It is considered to be the most beautiful village in Transylvania and there is a legend saying that here, in Rimetea, the sun rises twice.
Half of the little over 300 houses have been restored, thanks to a funding program that helped turning it from an ancient mining village to a charming and successful agro-touristic region. Over 75% of the tourists coming here are foreigners and their number keeps growing from one year to another, attracted by the beauty of the wild landscape, traditional architecture and the locals’ hospitality.
Due to conservation efforts, Rimetea was awarded the European Commission’s Europa Nostra Award for the conservation of the material cultural heritage and, earlier, the village was designated a protected architectural and urban area. The oldest heritage sites are the two fortifications, one from the Latène age and the other from the medieval age, prior to the Mongol invasion. Most of heritage buildings date from the seventeenth to nineteenth centuries.
What to see in Rimetea
Anyone can enjoy a stroll to discover the architectural beauty of traditional secular buildings (houses, stables, workshops etc.) spread from the center of the village to the outskirts. The oldest house in the village is the home of a miner, built in 1668 and renovated after 2004.
Rimetea also has the oldest working water mill in the region (over two centuries old). A small blacksmith’s workshop still stands next to the mill structure.
Tourists can also visit the Unitarian Church in the center of the historic town and the main square. Built on the site of a medieval church between 1780 and 1804, its oldest part is the tower enlarged in 1670.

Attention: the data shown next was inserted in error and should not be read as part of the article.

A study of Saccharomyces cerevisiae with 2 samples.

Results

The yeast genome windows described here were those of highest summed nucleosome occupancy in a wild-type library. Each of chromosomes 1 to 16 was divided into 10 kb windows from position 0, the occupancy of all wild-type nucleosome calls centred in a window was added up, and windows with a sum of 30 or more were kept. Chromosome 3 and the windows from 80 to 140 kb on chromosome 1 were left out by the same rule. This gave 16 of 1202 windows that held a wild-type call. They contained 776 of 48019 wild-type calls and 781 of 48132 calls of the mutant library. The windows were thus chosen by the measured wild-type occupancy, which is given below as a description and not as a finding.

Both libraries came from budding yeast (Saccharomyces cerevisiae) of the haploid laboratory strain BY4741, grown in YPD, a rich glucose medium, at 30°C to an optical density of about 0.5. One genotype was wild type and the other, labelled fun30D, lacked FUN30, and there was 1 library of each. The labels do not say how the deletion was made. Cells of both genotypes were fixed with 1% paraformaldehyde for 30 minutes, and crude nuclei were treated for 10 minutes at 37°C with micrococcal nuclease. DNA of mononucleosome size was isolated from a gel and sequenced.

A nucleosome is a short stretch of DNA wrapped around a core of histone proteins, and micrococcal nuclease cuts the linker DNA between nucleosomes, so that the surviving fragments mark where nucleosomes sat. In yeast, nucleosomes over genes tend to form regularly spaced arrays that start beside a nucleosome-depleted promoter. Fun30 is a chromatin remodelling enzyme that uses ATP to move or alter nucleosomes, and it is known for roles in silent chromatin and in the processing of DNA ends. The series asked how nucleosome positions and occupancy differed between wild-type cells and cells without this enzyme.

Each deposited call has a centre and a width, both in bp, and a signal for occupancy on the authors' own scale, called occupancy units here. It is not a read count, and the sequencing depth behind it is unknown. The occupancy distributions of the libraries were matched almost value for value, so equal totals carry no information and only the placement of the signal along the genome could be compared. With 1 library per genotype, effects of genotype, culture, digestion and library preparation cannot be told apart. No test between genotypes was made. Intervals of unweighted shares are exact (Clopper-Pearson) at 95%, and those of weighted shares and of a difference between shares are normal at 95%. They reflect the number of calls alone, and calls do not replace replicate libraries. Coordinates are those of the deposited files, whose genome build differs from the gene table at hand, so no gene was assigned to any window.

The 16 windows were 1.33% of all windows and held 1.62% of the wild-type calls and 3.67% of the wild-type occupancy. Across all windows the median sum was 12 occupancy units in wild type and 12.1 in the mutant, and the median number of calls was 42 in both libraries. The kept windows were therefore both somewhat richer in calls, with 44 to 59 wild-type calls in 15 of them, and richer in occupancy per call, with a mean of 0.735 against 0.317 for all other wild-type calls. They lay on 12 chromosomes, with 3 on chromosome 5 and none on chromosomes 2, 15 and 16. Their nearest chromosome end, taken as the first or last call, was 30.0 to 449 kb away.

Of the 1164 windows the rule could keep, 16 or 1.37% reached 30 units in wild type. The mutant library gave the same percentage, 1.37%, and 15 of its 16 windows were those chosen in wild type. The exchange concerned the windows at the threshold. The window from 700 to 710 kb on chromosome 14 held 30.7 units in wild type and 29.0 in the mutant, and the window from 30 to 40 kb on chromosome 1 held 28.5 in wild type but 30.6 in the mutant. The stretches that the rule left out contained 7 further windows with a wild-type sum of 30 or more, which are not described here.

The ethnographic museum in Rimetea has an impressive collection of over 11.000 objects exhibited in only 5 rooms, reflecting what used to be the main occupations of the inhabitants of the area: mining, metallurgy and woodworking.
Visitors shouldn’t leave out the village’s cemetery established at the beginning of the eighteenth century, a record of the development of folk art in the village and a unique place in Romania, as some tombs are carved into the rock.
What to do in Rimetea and nearby
Throughout the year, tourists come to admire local architecture, enjoy the taste of traditional cuisine and the locals’ hospitality.
Around the end of February, on the Saturday before the start of the Easter Fast or the Great Fast, villagers celebrate Shrove Tuesday (“lăsatul secului de carne” in Romanian) through a ”fărșang” (“farsang” in Hungarian) – a carnival whose main event is a ritual procession, a burlesque of the burial of winter, symbolizing the chase off of evil spirits. The fărșang is specific to Catholic and Protestant communities in Transylvania and is the equivalent of carnival in Catholic and Protestant countries.
During the warm season, Rimetea is a great destination for hiking, climbing and air sports, especially paragliding. Other sites nearby worth visiting are the Colţeşti Fortress (or Trascăului Fortress) built in 1296 in the neighbouring village Colţeşti, Piatra Secuiului – a limestone massif divided into two parts by a ravine which makes the sun, from May to September, to actually rise twice for people living in the north of Rimetea, Cheile Vălișoarei – the gateway to Trascăului depression and home to 27 caves (the longest is 134 m) – and the famous Salina Turda salt mine, nominated in 2014 by Business Insider as the most beautiful underground place in the world (read more about Salina Turda here).
How to get there
Rimetea is located in Alba County on DJ107M county road.
Getting there by car:
– from Cluj (less than one hour drive): take the E60 road from Cluj to Turda, follow DN1/E81 to DN75 in Mihai Viteazu, take the DN75 exit from DN1/E81 and follow DN75 and DJ107M to Rimetea,
– from Sibiu (about 1h 40 minutes): take the A1 road to Aiud and then continue on DJ107M to Rimetea,
– from Bucharest (about 5 ½ hours): take the E81 road from Bucharest to Sibiu and follow the route Sibiu – Rimetea above.